18 April 2010

The Anagnoretic Moment

I was recently fortunate to attend a 3 Day Feature Script Development Workshop presented by internationally recognised consultants Simon van der Borgh and Jonathon Rawlinson. They were very giving with advice and individual encouragement.

I learned every movie should have an anagnoretic moment – a moment that moves the audience and creates total empathy with the main character and we connect.

Eg. In the movie The Others it is the moment towards the end of the movie on the stairs, when Nicole Kidman hugs her children and is reunited emotionally with her daughter before they face the unknown together.

It got me thinking. If movies have it, why can’t books? Why can’t we, as romance writers embrace the anagnoretic moment and make sure every manuscript we write has one? Sure, you can have several moments that lead up to it, but the anagnoretic moment should be very clear.

I’m now aiming to have this moment in everything I write. I believe it will strengthen my stories and add a dimension that may have been lacking.

I encourage you to ask yourself the same question with your work once you have finished it – What’s your anagnoretic moment? If you can’t figure out which one it is, it isn’t strong enough. Make it one to remember.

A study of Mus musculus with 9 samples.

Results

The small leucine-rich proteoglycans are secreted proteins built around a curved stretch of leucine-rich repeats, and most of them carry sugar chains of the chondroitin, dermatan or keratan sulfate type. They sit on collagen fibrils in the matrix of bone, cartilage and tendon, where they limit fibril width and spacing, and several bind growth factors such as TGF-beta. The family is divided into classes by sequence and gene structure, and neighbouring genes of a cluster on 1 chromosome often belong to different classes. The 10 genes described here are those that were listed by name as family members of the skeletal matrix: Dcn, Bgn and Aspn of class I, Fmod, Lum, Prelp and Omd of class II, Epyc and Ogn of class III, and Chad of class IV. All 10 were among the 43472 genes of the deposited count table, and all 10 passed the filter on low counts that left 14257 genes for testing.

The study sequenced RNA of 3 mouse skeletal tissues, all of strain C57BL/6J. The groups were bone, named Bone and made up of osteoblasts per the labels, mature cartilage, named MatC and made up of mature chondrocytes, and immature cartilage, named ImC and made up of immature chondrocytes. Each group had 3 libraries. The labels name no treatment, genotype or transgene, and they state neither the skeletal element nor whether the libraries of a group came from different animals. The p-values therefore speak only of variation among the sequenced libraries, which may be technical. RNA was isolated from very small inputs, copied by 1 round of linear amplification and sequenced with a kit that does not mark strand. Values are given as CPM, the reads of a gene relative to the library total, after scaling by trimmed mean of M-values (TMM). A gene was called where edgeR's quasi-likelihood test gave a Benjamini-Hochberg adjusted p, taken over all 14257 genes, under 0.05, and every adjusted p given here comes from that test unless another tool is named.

Donna

5 comments:

lesley ann smith said...

I am still getting my tongue around
anagnoretic!! But I agree.

We have to give readers characters they can empathise with and create that anagoretic moment.

There's a lot we can learn about story from screen writing.

Thanks for sharing, Donna.

Shona said...

I'm not sure how to pronounce it either. But empathy is the key to a great character.

kym said...

Donna,
I have a question: Can the ana(whatever) moment be anywhere in the story or does it need to be in the end?
I'll be trying to have such a moment myself in my books.

Donna said...

My understanding is it can be anywhere Kym, I know it normally applies to movies. If you study most movies I think you will find it. I'm trying to apply this theory to my novel writing and hopefully this 'moment' will stand out from the rest and be different to other significant moments such as the black moment.
Cheers
Donna

Nicki Flockton said...

Something to definitely look for or make sure you've nailed in your work. I'll be looking at my current one to see where I could make sure it works!